On Saturday 28 October, more than 300 people gathered at Cathedral Hall at the Australian Catholic University (ACU) for the inaugural Benedict Conference, an initiative of the Truth, Goodness and Beauty Project.

Livestreamed and pre-recorded international speakers included Bishop Robert Barron, founder of Word on Fire Ministries, Prof Iain Benson, Jason Evert and Fr Joseph Fessio SJ, founder of Ignatius Press and former student of Joseph Ratzinger.

The conference was an intellectual feast, a chance to unpack the rich theological and philosophical tradition of the Church as embodied by the thought of Pope Benedict XVI. With conversations built around the themes of truth, goodness and beauty, the talks and discussions covered a range of topics, including the loss of the language of truth in society; the intrinsic goodness of femininity and masculinity, and how to respond to prevalent ideas about the sex and gender distinction; the meaning of beauty as a pathway to God; and how Pope Benedict witnessed to the intelligence, simplicity and beauty of the Catholic faith.

The conference began with a pre-recorded conversation between Prof Tracey Rowland and Bishop Robert Barron, in which Bishop Barron reflected on what Benedict meant to him.

‘He was such a model to me of the Christian life,’ Bishop Barron said. ‘I admired a lot of things intellectual, but just to watch him in action, his gentleness, his simplicity—a simplicity born of a very profound perception of the deepest things in life.’

A highlight of Benedict’s papacy for Bishop Barron was the Wednesday audiences, especially his catechesis on the life and works of the Church Fathers. While he was a scholar in residence in Rome, Barron would go down to hear him whenever he could. ‘All I could think was, here’s one of the Fathers of the Church.’

Prof Rowland said that Benedict was someone who, through his proficiency in many areas of learning, ‘had the whole picture together’. ‘He was like someone in an orchestra who could play almost every instrument in the orchestra,’ she said, ‘and somehow bring it all together.’

Throughout the conversation, they focused especially on Benedict’s contribution to the theology of the liturgy, particularly in the wake of the Second Vatican Council, and some misinterpretations of what ‘full, conscious and active participation’ in the liturgy meant.

‘I think that today young people love solemn liturgy precisely because it’s a moment when they can be contemplative,’ Prof Rowland said. ‘We live in a world where many people are addicted to their iPhones and social media, and there’s data and stimulation coming in all the time. But in a solemn liturgy, where there’s silence, there is actually a moment where people can be contemplative and they can experience something of the transcendence of God.’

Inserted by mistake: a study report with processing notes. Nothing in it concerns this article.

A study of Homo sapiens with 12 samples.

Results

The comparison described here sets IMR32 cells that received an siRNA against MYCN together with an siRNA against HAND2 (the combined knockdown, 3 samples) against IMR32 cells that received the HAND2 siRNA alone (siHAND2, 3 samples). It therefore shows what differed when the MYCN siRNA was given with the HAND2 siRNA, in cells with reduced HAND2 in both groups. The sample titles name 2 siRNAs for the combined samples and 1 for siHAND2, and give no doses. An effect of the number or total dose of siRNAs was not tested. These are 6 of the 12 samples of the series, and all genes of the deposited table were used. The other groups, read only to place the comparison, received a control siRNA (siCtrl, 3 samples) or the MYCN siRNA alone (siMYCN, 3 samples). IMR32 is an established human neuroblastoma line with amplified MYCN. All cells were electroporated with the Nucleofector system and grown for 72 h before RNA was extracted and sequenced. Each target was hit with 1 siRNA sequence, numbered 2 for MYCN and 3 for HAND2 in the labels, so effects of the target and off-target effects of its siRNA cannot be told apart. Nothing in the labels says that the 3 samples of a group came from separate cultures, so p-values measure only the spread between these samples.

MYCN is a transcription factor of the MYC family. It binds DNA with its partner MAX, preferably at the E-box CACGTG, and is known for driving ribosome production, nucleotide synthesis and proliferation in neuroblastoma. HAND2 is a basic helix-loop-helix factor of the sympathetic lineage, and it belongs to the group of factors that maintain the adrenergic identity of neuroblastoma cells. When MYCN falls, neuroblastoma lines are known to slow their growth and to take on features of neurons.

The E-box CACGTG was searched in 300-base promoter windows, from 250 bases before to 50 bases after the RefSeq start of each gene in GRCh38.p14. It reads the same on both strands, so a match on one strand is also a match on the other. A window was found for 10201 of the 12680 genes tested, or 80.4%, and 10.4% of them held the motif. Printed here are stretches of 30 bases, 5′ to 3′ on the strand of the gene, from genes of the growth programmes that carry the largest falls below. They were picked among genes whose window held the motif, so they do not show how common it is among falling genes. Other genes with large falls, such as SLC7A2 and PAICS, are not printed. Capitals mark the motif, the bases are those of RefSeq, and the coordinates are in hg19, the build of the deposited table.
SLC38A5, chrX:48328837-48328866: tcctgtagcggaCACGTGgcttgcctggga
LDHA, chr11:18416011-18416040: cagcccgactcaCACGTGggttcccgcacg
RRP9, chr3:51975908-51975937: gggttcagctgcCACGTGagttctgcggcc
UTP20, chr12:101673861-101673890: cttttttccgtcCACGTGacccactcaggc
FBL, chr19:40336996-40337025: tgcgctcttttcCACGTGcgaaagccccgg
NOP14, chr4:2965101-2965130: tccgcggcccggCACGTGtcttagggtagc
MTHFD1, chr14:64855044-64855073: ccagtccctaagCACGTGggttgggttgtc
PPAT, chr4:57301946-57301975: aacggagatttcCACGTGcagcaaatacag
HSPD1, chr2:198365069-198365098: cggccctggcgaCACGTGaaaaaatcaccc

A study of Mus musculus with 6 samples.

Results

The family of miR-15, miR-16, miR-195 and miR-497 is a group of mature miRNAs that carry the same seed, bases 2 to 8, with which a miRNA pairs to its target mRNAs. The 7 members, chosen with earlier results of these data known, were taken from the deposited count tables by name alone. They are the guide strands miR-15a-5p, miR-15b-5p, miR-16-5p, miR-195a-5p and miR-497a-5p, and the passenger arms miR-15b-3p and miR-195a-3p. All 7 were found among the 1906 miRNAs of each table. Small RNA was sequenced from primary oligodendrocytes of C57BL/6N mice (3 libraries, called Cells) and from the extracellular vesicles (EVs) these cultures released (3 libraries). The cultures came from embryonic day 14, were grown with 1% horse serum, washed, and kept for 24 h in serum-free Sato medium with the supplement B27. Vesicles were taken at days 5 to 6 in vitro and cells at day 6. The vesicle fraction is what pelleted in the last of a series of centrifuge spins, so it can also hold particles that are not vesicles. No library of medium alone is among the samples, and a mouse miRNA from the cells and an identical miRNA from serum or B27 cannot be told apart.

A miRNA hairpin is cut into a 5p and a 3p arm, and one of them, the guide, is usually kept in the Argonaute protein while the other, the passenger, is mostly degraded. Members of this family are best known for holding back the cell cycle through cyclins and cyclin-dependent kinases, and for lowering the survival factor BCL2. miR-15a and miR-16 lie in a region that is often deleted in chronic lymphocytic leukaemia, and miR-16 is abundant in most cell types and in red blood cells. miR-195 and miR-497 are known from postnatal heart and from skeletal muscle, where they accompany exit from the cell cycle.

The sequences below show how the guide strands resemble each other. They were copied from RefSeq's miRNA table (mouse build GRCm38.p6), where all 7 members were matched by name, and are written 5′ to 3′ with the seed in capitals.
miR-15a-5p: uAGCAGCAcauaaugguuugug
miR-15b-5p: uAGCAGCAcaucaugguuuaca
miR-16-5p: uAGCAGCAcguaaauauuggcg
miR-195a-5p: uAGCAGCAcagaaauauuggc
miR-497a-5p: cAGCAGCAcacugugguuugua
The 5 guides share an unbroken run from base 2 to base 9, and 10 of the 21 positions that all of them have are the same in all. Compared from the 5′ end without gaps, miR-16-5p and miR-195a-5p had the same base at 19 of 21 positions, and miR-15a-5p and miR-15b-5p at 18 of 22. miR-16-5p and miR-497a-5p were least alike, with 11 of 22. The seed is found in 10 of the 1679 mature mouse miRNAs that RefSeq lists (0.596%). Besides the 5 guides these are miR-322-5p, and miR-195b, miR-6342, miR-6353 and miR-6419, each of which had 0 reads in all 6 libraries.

Iain Benson, a Professor of Law at the University of Notre Dame in Sydney, delivered the first major address of the day on the subject of truth. Drawing on the philosopher George Grant, Benson argued that the language of ‘values’ in public discourse and the discourse of the Church is an inherently ‘obscuring language for morality, used when the idea of purpose has been destroyed.’

The Greco-Roman understanding of truth was a unity between two concepts, he said: techne (which means ‘art’ or ‘technique’) and telos (which means ‘end’ or ‘purpose’). In the modern world, we have broken apart the purpose of things from the practice of things, he said, with detrimental effects. One example he cited was the present way of doing politics.

‘You can only analyse a technique if you know its [purpose],’ he said. ‘But in contemporary politics, the technique of politics has come to dominate—and, in fact, to obliterate—its telos. So now, if you want to silence a room full of politicians—a very difficult thing to do—but if you want to try that, just ask them what the purpose of politics is.’

‘Values’ is an abstraction, he said, an ‘infinitely plastic’ word. He argued that we need to return to the language of virtues, of human nature and reason, and of the natural law, because only then will we reconnect with reality and truth.

Jason Evert’s address focused on the goodness of masculinity and femininity, encouraging people to respond to current gender debates with both ‘charity and clarity’.

He spoke about the need for a ‘reverent curiosity’ in listening to people’s stories, not simply dismissing them. There are many labels people attach to themselves in relation to sex and gender, he said, but ‘so often we use these labels as a cover for the deeper story that needs to be heard.’ When we take the time to ask compassionate and curious questions, we may find the deeper needs and longings that are not being addressed, he argued.

In a light-hearted end to the day, Fr Joseph Fessio SJ gave the final address, reflecting on his experience as a student of Joseph Ratzinger. He spoke about how Ratzinger embodied ‘the beauty of holiness’ and how, in the form of his life and writings, he radiated that beauty.

Particularly impressive for Fr Fessio was Ratzinger’s approach to the liturgy. ‘He [was] insistent that the liturgy be done beautifully,’ Fr Fessio said. ‘It has this intrinsic beauty, this objective beauty, that can be marred by our misuse of it. But in the way he celebrated it, it was always something which let the beauty of the Mass radiate.’

The day also featured a number of panel discussions with local speakers, including Anna Krohn, Prof Tracey Rowland, Fr Jerome Santamaria, Dr Andy Mullins, Dr Nigel Zimmermann and many more. Following each talk, they took time to unpack some of the content and discuss its relevance to Melbourne’s local context.